LEARNING FROM THE FOSSIL RECORD

JUDITH SCOTCHMOOR

LEARNING FROM the Fossil Record is a title carefully chosen for it conveys multiple concepts. Paleontologists, geologists, biologists, and others use the fossil record to learn about the past history of the Earth. Using this knowledge, we have gained an understanding of geologic processes that continue today, biodiversity past and present, species origination and extinction, past and present climates, oceans, and atmospheres among others. We have in fact been able to piece together the fascinating story of our dynamic Earth for the past 3.5 billion years.

At the same time, the title suggests that students also learn from the fossil record. By capitalizing on the popularity and intrigue of fossils, teachers can use paleontology to teach major concepts in science. Paleontology also provides a natural integration of multiple disciplines of science, as well as mathematics, history, and geography. Even more importantly however, while students learn from the fossil record, they learn and practice the process of science. This is the key to a scientifically literate society.

Start with T. rex. A terrific dinosaur. No wonder it has starred in numerous movies and children of all ages travel to museums to gaze at this awesome beast. But while gazing, numerous questions arise. What did it eat? Why are its arms so short? Where did it live? How did it die? How do we know?

These questions follow two paths of inquiry. One deals with the process of science. How do we know? How do we learn about what no longer exists? This provides a wonderful opportunity for teachers to teach what science really is — the steps to scientific inquiry. Students themselves can examine the fossil record and use actual data to put together pieces of evidence to answer questions about the past.

The second path of inquiry involves looking at a larger picture. Tyrannosaurus rex did not live in isolation. To understand T. rex, we must know about its environment and its interactions within that environment. Things were not static. Thus, we must understand the changes that led to the success and eventually the demise of this and other dinosaurs. We are actually studying a single chapter or episode in a much larger story — the history of our Earth.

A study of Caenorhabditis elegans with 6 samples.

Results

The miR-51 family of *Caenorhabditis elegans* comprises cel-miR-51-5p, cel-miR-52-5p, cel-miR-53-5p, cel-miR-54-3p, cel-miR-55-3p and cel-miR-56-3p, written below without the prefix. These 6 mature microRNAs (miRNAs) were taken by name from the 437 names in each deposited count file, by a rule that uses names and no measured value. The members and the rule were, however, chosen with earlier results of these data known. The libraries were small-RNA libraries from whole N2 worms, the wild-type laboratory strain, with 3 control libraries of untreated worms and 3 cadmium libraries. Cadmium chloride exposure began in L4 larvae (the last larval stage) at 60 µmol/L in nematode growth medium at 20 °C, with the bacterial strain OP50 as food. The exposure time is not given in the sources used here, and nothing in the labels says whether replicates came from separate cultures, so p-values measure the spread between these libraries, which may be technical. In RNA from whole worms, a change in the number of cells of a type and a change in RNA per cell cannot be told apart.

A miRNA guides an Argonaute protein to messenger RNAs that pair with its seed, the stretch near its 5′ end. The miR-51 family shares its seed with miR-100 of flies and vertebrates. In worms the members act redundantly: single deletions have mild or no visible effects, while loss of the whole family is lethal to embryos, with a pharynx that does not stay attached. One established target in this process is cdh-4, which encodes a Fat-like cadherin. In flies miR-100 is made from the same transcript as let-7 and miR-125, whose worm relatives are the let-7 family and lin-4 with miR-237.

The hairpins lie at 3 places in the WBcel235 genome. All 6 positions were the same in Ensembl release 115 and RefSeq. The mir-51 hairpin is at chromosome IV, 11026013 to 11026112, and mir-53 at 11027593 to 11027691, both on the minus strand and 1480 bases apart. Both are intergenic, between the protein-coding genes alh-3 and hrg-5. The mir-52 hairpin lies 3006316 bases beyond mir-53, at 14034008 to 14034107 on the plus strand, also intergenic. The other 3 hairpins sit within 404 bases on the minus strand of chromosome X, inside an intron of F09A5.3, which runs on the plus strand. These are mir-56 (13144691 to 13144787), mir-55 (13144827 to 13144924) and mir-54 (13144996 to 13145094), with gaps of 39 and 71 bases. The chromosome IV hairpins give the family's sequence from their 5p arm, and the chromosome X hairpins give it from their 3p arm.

The story is also thematic with three organizing themes, each associated with one of the major fields of science: Energy (Physical Science), Tectonics (Earth Science), and Evolution (Life Science). In a condensed version of the story, energy is contained with the Earth. Plate tectonics is a manifestation of that energy and acts as the changing force responsible for the Earth as we see it today. Add the factor of time and we have evolution — not just the evolution of life, but of Earth itself. The distribution of organisms throughout Earth's history is a direct result of the interaction of energy and tectonics. We cannot study Biology without including Evolution, nor can we study Evolution without understanding Tectonics and Energy. Just as T. rex did not live in isolation, these major concepts cannot be understood (or taught) in isolation.

What follows is a collection of informative papers and activities to assist teachers in using paleontology and related fields to teach major concepts in science. They also help to tell part of the story of the Earth. The authors are teachers, professors, and scientists, all of whom have a passion for paleontology and a commitment to science education. They have contributed to this collaborative effort in the knowledge that this is just a starting point — a base from which to begin to develop a more thorough resource guide and curriculum easily adapted for use in the science classroom. To allow for its continued expansion and accessibility by a greater audience, the UC Museum of Paleontology has developed a World Wide Web (WWW) version of this manual. The address of this site is:

http://www.ucmp.berkeley.edu/fosrec/

The following contributions are arranged roughly by concept. They begin with geologic processes, time and methods of dating, interpreting the fossil record, and evolution. Using dinosaurs to teach science comes next, followed by a complete section on Microfossils — what are they, why are they important, how to use them in the classroom. Where appropriate, suggested grade levels are indicated. Each activity is also listed in a matrix in the appendix indicating which of the National Standards are met.

NOTE: We strongly encourage others to contribute to the WWW version of this compendium. These can be sent to Judy Scotchmoor, Museum of Paleontology, University of California, Berkeley, CA 94720-4780, e-mail jscotch@uclink4.berkeley.edu

REFERENCE

NATIONAL RESEARCH COUNCIL. 1996. National science education standards. National Academy Press, Washington, DC., 262 pp.